I noticed a curious trend in the classes I’m teaching:
- For Intro to Cog Sci, we are moving to a model of short response papers for every lecture, mostly graded for completion but with randomized occasional feedback, plus three papers, a midterm, and a final. This is compared to last year’s model where we had required forum posts, then longer homeworks, midterms, and a final.
- For Intro to Computer Science, I started the semester presenting why students should study computer science, but also presented a list of news articles about societal implications of improperly-thought-out technology (for example, not training your AI on people of color). I am also offering extra credit for an edited paper on increasing diversity in Oxy’s computer science program.
- The Practicum course that I am teaching had their first visit to the community partner this week. The plan was for them to learn about what their project really entails, but as part of the presentation, they also got a lecture on the media bias towards violence and away from poverty.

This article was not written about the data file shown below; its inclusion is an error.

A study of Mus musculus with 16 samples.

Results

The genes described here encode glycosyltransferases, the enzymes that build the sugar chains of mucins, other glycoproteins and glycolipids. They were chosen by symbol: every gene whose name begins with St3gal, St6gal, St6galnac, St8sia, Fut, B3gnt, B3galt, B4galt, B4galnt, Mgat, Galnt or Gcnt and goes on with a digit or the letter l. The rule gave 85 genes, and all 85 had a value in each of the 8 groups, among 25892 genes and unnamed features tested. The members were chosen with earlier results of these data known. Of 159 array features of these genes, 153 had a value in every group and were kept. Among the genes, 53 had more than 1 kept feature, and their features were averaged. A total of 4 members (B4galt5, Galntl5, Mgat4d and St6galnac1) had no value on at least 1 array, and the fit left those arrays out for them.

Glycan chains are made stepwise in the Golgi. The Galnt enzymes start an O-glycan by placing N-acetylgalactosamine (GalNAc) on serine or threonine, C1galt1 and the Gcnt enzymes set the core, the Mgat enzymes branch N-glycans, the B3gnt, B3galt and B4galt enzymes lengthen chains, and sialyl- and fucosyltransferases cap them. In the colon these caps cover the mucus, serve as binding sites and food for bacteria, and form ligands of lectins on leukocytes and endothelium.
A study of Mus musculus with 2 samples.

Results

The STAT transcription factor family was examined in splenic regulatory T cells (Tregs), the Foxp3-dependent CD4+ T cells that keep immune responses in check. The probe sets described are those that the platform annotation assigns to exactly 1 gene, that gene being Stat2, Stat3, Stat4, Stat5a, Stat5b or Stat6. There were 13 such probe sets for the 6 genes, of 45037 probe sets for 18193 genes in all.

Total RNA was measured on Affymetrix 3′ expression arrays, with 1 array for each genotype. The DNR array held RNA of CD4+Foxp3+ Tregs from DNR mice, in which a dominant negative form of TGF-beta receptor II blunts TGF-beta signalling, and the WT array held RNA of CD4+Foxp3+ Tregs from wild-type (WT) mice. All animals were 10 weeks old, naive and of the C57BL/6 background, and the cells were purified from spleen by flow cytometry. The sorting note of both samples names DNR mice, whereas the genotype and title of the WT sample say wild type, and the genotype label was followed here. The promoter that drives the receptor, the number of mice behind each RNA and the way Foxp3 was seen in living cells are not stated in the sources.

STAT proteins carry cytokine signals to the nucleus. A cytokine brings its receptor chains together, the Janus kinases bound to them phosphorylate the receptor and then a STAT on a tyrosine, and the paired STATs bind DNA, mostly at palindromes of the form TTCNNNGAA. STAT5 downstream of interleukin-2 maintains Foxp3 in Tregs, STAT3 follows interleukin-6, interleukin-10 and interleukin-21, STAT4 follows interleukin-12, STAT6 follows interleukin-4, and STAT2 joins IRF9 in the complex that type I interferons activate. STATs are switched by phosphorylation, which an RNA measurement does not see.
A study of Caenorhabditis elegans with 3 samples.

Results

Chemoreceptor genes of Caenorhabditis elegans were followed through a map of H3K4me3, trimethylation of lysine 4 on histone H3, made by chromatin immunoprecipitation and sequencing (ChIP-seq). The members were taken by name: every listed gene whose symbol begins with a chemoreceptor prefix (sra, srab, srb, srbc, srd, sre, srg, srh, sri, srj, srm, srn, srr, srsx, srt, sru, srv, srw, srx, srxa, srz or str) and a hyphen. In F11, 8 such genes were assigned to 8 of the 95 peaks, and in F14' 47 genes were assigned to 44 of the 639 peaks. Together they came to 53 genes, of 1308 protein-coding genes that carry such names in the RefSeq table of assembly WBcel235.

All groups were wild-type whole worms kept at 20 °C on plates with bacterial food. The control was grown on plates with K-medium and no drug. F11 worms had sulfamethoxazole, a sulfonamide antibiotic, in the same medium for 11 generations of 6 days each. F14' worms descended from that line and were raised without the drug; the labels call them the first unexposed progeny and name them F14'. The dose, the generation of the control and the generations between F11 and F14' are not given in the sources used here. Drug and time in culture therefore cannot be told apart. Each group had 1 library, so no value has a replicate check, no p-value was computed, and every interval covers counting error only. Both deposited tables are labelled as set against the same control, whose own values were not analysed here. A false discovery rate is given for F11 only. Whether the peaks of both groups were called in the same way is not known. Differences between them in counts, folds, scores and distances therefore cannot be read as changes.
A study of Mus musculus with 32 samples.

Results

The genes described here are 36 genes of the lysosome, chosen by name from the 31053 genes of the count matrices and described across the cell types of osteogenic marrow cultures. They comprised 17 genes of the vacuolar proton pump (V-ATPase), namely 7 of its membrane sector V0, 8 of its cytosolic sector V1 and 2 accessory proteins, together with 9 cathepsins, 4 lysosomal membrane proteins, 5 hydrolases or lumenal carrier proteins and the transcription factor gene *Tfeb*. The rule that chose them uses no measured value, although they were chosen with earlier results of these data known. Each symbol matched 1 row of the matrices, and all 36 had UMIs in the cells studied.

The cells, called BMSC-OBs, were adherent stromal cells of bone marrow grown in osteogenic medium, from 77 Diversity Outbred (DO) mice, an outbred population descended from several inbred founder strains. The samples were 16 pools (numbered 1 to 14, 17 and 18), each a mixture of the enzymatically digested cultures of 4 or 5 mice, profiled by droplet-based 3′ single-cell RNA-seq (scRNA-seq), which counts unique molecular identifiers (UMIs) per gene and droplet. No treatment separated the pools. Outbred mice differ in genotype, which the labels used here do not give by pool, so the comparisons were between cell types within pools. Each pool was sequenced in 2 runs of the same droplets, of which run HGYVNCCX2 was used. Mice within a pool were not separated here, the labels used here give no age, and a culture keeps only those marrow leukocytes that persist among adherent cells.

The trend I’m seeing is the inclusion and emphasis on liberal arts topics – not just “soft” people skills, but drawing in and including more liberal arts topics in science classes. The strange thing is that I have not thought about these changes as deliberately broadening the scope of these classes. Rather, the intention has generally been to get students to engage more deeply. It’s interesting to me that these two goals have the same outcome at all – I can imagine making computer science more engaging by diving ever deeper into technical topics, and in fact I can think of students who probably will enjoy the journey from loops to recursion to higher-order functions to monads.
I do see the appeal of higher and higher levels of abstraction, but its inappropriateness for introductory courses aside, it just feels like the wrong kind of complexity. This seems related to my against the model CS curriculum, and the concreteness makes it easier to analyse. I don’t think it’s just that these connections are application-oriented, as opposed to theory-oriented; it’s explicitly the reaching across disciplines that excite me. I’m not sure I can justify this bias outside of saying that I like generalists.
This post is neither here nor there, and I thought I would have more to say about where my classes are going. I’ll just stop.